Watch your speed through work zones in Pennsylvania.
PennDOT and the Pennsylvania Turnpike Commission said Wednesday that enforcement of speed limits in work zones will begin next week.
Earlier this year, the Route 1 and Pennsylvania Turnpike work zone in Bensalem were among the first test locations in the state for the Automated Work Zone Speed Enforcement (AWZSE) program. A law signed last year allows for a 60-day pilot period, which ended Wednesday.
“Pennsylvania’s AWZSE program uses vehicle-mounted systems to detect and record motorists exceeding posted work zone speed limits by 11 miles per hour or more using electronic speed timing devices. AWZSE systems are only operational in active work zones where workers are present. Beginning today, registered owners will receive a warning letter for a first offense, a violation notice and $75 fine for a second offense, and a violation notice and $150 fine for third and subsequent offenses. These violations are civil penalties only; no points will be assessed to driver’s licenses,” according to PennDOT.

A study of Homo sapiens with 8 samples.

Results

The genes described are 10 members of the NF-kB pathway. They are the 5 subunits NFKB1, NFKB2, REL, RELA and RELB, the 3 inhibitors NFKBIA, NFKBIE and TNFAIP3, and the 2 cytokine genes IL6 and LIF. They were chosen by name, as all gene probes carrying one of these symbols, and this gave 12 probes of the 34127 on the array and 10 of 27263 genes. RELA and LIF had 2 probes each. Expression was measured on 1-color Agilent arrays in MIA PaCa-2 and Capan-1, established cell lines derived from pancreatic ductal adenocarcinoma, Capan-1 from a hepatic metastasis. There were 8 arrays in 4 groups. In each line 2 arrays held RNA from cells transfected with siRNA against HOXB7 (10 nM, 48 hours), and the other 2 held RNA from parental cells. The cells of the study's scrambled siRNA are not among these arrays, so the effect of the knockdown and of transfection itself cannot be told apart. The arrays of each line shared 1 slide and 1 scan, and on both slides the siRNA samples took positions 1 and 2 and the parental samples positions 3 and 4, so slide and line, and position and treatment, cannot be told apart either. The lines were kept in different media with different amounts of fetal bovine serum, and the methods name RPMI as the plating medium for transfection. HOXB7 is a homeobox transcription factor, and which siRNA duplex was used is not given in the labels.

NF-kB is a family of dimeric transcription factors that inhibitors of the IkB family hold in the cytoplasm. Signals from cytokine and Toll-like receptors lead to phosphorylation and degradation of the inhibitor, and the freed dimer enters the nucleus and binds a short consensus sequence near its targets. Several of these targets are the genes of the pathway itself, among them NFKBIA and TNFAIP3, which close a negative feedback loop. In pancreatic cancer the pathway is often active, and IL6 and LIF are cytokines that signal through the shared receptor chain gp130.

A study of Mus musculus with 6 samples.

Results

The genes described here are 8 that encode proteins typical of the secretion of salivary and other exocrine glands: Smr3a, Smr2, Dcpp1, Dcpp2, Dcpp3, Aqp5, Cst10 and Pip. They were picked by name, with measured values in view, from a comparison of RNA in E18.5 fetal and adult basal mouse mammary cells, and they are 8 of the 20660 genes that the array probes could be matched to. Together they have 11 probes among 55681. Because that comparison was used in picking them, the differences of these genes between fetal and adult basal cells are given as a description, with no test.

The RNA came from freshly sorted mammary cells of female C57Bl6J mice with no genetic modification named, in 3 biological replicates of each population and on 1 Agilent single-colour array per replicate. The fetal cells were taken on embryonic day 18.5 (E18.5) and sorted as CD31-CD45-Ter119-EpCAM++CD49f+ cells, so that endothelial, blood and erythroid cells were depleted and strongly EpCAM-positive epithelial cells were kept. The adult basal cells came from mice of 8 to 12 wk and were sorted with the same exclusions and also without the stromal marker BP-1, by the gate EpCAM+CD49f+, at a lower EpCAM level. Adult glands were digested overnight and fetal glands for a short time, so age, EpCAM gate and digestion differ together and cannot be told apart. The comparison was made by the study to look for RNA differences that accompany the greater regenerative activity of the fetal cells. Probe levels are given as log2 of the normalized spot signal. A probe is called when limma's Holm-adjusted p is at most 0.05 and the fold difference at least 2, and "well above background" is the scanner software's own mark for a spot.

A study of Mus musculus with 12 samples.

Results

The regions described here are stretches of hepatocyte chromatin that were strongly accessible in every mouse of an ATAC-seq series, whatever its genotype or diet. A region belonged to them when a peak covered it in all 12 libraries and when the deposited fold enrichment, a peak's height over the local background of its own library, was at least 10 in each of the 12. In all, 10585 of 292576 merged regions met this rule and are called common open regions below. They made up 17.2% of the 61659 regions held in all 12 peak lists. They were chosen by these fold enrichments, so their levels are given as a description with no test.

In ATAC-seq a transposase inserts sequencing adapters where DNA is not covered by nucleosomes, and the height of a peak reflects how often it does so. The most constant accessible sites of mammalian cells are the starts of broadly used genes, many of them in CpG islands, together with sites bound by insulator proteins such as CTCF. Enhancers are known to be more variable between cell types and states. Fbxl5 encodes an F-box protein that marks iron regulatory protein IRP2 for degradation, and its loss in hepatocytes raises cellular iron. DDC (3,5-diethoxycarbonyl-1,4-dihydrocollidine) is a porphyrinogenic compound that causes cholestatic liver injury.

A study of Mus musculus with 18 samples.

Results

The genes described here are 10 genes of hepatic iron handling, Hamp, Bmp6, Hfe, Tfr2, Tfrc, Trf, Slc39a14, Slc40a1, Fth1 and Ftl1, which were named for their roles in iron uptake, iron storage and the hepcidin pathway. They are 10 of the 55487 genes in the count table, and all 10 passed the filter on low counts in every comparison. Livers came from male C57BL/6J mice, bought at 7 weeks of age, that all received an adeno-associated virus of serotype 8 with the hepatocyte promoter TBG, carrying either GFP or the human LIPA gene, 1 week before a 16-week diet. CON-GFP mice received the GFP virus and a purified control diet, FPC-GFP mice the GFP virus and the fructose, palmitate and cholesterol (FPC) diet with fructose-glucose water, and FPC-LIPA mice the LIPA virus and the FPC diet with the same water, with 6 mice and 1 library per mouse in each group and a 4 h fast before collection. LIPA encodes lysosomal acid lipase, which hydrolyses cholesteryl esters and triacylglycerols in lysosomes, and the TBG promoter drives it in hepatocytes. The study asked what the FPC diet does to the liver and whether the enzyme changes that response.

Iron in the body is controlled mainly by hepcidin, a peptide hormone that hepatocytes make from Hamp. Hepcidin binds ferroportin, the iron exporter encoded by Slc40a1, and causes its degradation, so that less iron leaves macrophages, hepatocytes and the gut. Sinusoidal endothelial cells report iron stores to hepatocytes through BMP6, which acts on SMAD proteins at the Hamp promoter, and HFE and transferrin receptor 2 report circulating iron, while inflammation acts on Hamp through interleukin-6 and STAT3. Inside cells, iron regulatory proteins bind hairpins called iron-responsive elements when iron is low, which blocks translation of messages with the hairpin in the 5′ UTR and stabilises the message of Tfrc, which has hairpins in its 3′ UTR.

The systems will be placed in work zones that are “selected to maximize the effectiveness of the systems.” Signage will be placed in advance of the enforcement zone, and a website will have updated locations.
The Route 1 and Turnpike work area in Bensalem will be among the first enforcement areas following the end of the pilot, PennDOT said.
“While there can be fines assessed, the AWZSE program’s goal is not to generate revenue,” said Turnpike CEO Mark Compton. “The goal is to build awareness and most importantly, to change unsafe driving behaviors. The program serves as a roadway reminder that safety is literally in each driver’s hands when they are behind the wheel.”
PennDOT data showed that there were 1,804 work zone crashes in the state, resulting in 23 fatalities, in 2018. Over the past 40 years, PennDOT has lost 89 workers in the line of duty and the Turnpike has lost 45 workers since 1945.
Nearby, Maryland began using work zone speed cameras out in 2015. The data from Maryland showed that work zone speed violations dropped and deaths in work zones dropped from six in 2015 to one in 2016.